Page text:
Virtuous violence : hurting and killing to create, sustain, end, and honor social relationships : the social-relational, moral motivational psychology, cultural anthropology and history of war, torture, genocide, animal and human sacrifice, obedience to gods, religious self-torture, homicide, robbery, intimate partner conflict, rape, suicide and self-harm, corporal and capital punishment, trial by ordeal and combat, policing, initiation, castration, fighting for status, contac sports and martial arts, honor, the Iliad and the Trojan War, injurious mortuary rites, and homicidal mourning / Alan Page Fiske and Tage Shakti Rai ; with a foreword by Steven Pinker.
- Fiske, Alan Page, 1947-
"What motivates violence? How can good and compassionate people hurt and kill others, or themselves? Why are people much more likely to kill or assault people they know well, rather than strangers? This provocative and radical book shows that people mostly commit violence because they genuinely feel that it is the morally right thing to do. In perpetrators' minds, violence may be the morally necessary and proper way to regulate social relationships according to cultural precepts, precedents and prototypes. These moral motivations apply equally to the violence of the heroes of the Iliad, to parents smacking their child, and many modern murders and everyday acts of violence. Virtuous Violence presents a wide-ranging exploration of violence across different cultures and historical eras, demonstrating how people feel obligated to violently create, sustain, end, and honor social relationships in order to make them right, according to morally motivated cultural ideals"--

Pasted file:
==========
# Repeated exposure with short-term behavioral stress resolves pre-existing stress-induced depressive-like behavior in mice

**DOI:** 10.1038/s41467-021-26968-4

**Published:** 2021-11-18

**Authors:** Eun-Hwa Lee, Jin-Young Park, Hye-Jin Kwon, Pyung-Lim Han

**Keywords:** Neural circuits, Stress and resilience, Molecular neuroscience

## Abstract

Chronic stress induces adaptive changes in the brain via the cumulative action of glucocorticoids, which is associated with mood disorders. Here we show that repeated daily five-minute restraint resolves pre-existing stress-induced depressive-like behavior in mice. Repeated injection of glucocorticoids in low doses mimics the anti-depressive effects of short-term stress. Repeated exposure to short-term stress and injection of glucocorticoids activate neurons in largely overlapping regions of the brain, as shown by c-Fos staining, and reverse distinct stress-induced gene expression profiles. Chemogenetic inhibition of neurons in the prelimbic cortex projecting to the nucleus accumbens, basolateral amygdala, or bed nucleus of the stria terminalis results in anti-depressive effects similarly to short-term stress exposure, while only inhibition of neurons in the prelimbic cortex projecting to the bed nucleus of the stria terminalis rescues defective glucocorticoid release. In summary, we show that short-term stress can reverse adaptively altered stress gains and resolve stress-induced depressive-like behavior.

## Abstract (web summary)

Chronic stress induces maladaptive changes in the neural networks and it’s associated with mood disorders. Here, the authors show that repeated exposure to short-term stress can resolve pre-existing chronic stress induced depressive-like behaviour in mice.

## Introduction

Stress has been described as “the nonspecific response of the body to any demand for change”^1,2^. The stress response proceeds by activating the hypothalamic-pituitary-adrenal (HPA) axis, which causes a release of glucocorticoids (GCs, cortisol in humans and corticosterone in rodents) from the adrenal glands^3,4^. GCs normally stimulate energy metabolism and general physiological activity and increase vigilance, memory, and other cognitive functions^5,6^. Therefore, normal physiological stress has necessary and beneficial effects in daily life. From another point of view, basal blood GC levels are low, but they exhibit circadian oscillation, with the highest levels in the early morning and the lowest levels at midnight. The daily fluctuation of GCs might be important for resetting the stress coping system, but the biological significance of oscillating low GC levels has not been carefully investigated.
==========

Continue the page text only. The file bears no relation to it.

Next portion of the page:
Cambridge : Cambridge University Press, 2015.
xxvi, 357 pages : illustrations ; 23 cm
Machine generated contents note: The point; 1. Why are people violent?; 2. Violence is morally motivated to regulate social relationships; 3. Defense, punishment, and vengeance; 4. The right and obligation of parents, police, kings and Gods to violently enforce their authority; 5. Contests of violence: fighting for respect and solidarity; 6. Honor and shame; 7. War; 8. Violence to obey, honor and connect with the Gods; 9. On relational morality: what are its boundaries, what guides it and how is it computed?; 10. The prevailing wisdom; 11. Intimate partner violence; 12. Rape; 13. Making them one with us: initiation, clitoridectomy, infibulation, circumcision and castration; 14. Torture; 15. Homicide: he had it coming; 16. Ethnic violence and genocide; 17. Self-harm and suicide; 18. Violent bereavement; 19. Non-bodily violence: robbery; 20. The specific form of violence for constituting each relational model; 21. Why do people use violence to constitute their social relationships, rather than using some other medium?; 22. Metarelational models that inhibit or provide alternatives to violence; 23. How do we end violence?; 24. Evolutionary, philosophical, legal, psychological and research implications; The de;nouement.